Friday, June 1, 2007

ADHD or Creativity?

This is Gillian Lynne, world famous choreographer. She did Cats and Phantom of the Opera. How she got there is a fascinating story and a reason why teaching to the students you have is so much more important than teaching to the curriculum.

In the 1930s when she was in school Gillian had trouble learning- she fidgeted. Today we would say she had ADHD and prescribe medicine, but ADHD hadn't been invented so they sent he to a specialist. When Gillian was 10-years old she and her mother met a doctor and he heard all about Gillian's learning difficulties. After a few minutes the doctor told Gillian he wanted to speak to her mother privately so they left Gillian alone in the office with a radio playing. When the doctor and mother left the room they observed Gillian. She immediately got out of her chair and began moving to the music. The doctor turned to her mother and said, "Mrs. Lynne, Gillian isn't sick, she's a dancer, take her to dance school."

They did and at dance school Gillian saw dozens of other kids just like herself. Young people who had to move to think. Gillian became a soloist, she preformed with the Royal Ballet, she had her own dance company, she met Andrew Lloyd Weber and is a multi-millionaire. Another doctor would have given her meds and written her off.

My point here is that as teachers, and especially teachers in the arts, we must look past the surface and explore the creativity inside all of our students. That boy banging on his desk might be the next great percussionist someday.


Thursday, May 31, 2007

Grading Creativity

I had breakfast the other day with a friend who told me that when he was a kid he painted a picture for an art class. The teacher gave him a "C" and said something about perspective. My friend took the painting home, showed it to his parents who liked it, got it framed and has kept it for 30 years. He told me that even today when he looks at that painting he likes it, but can only remember the teacher giving him a bad grade.

He hasn't painted since.

I think a lot about teaching in the arts and how often students get the creativity crushed right out of them. How do you grade a piece of art? Does Monet get an A because it is "impressionistic", does Picasso get a C because his portrait of a woman has three eyes and two noses? Do the artists care?

I tell students on the first day of class that I don't care about grades, I care about them making good films, and more importantly learning something about their own artistic process. I also tell them that if their goal is to get a good grade by doing well on the tests and skating by on the creative, then they should probably find another teacher. I don't want a bunch of good test takers, I want a bunch of creative people.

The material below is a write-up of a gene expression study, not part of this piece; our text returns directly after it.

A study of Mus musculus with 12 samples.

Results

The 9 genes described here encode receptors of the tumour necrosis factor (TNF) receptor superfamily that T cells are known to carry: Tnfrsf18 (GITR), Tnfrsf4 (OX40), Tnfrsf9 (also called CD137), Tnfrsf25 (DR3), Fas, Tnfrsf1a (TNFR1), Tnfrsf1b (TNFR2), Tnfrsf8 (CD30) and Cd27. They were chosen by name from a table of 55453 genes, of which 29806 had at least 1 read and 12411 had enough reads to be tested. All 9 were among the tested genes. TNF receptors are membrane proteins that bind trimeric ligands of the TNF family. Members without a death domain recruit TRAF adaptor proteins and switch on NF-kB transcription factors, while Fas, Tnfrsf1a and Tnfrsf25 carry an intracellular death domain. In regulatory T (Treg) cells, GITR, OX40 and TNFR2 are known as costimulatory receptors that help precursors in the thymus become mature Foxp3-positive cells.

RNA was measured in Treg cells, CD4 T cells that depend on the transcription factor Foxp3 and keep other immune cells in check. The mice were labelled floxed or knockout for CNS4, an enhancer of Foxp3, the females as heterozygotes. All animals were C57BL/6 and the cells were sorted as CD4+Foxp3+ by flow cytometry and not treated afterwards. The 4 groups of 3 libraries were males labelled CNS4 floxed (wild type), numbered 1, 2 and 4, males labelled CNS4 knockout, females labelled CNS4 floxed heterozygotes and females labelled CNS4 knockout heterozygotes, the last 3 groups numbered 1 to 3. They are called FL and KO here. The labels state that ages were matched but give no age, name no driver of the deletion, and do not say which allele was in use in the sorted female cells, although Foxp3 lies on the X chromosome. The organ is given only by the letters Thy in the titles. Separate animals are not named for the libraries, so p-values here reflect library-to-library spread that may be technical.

I am going to write more about this, but for now I am curious about your thoughts about teaching and grading creativity.


Wednesday, May 30, 2007


I think the best films take me some place- either emotionally or geographically- I haven't seen before. Perhaps that would explain an attraction to both westerns and period pieces, I don't know. Over the weekend, thanks to the Sundance Channel, I saw a terrific little Canadian film called Sabah. In many ways it was a simple meeting of two cultures, conflict film. A Muslim woman, Sabah, meets and falls in love with a Christian man much to her family's chagrin.

No new territory is explored here- Mr. the Parents is a broad comedy version of the same thing. What is different, however, is seeing a Syrian family on film. I was taken some place I have never been. Also, and not to be overlooked, is the fact the film is Canadian. Just across our border lies an interesting film business. Atom Egoyan, the wonderful Canadian director, is an executive producer on Sabah, and his films are always worth seeing.

More later on the Canadian industry. For now check out Sabah.


Monday, May 28, 2007

Anticipate This?

In Saturday's NY Times there was an article about how Heinz Ketchup- among other companies- is sponsoring a TV commercial competition on You Tube. The winner will be paid $57,000 and have his commercial air on television. Any one who has read this page more than once knows my feelings about You Tube and the trend of discounting creative filmmaking. While I understand why Heinz is thrilled- the p.r. alone, plus there have been 12,000 hits on You Tube for these spots- it is slowly (quickly?) killing the business.

There are thousands of people across the country who count on the commercial TV business to earn all or part of their living. Here's just a few: the ad agency employees- top to bottom, and you know the first to get canned will not be a six-figure creative director- actors, casting directors, schlubs like me who own production companies and all the people we hire to produce a commercial.

If I was one of my students I would race out and make the best damn Heinz spot I could. But what about my ilk? I can think of nothing more than changing ketchup brands. Anyone for Hunt's Ketchup on your Memorial Day burger? Muir Glen Organic?

Here's the link, read it and weep. You can find the You Tube spots on your own.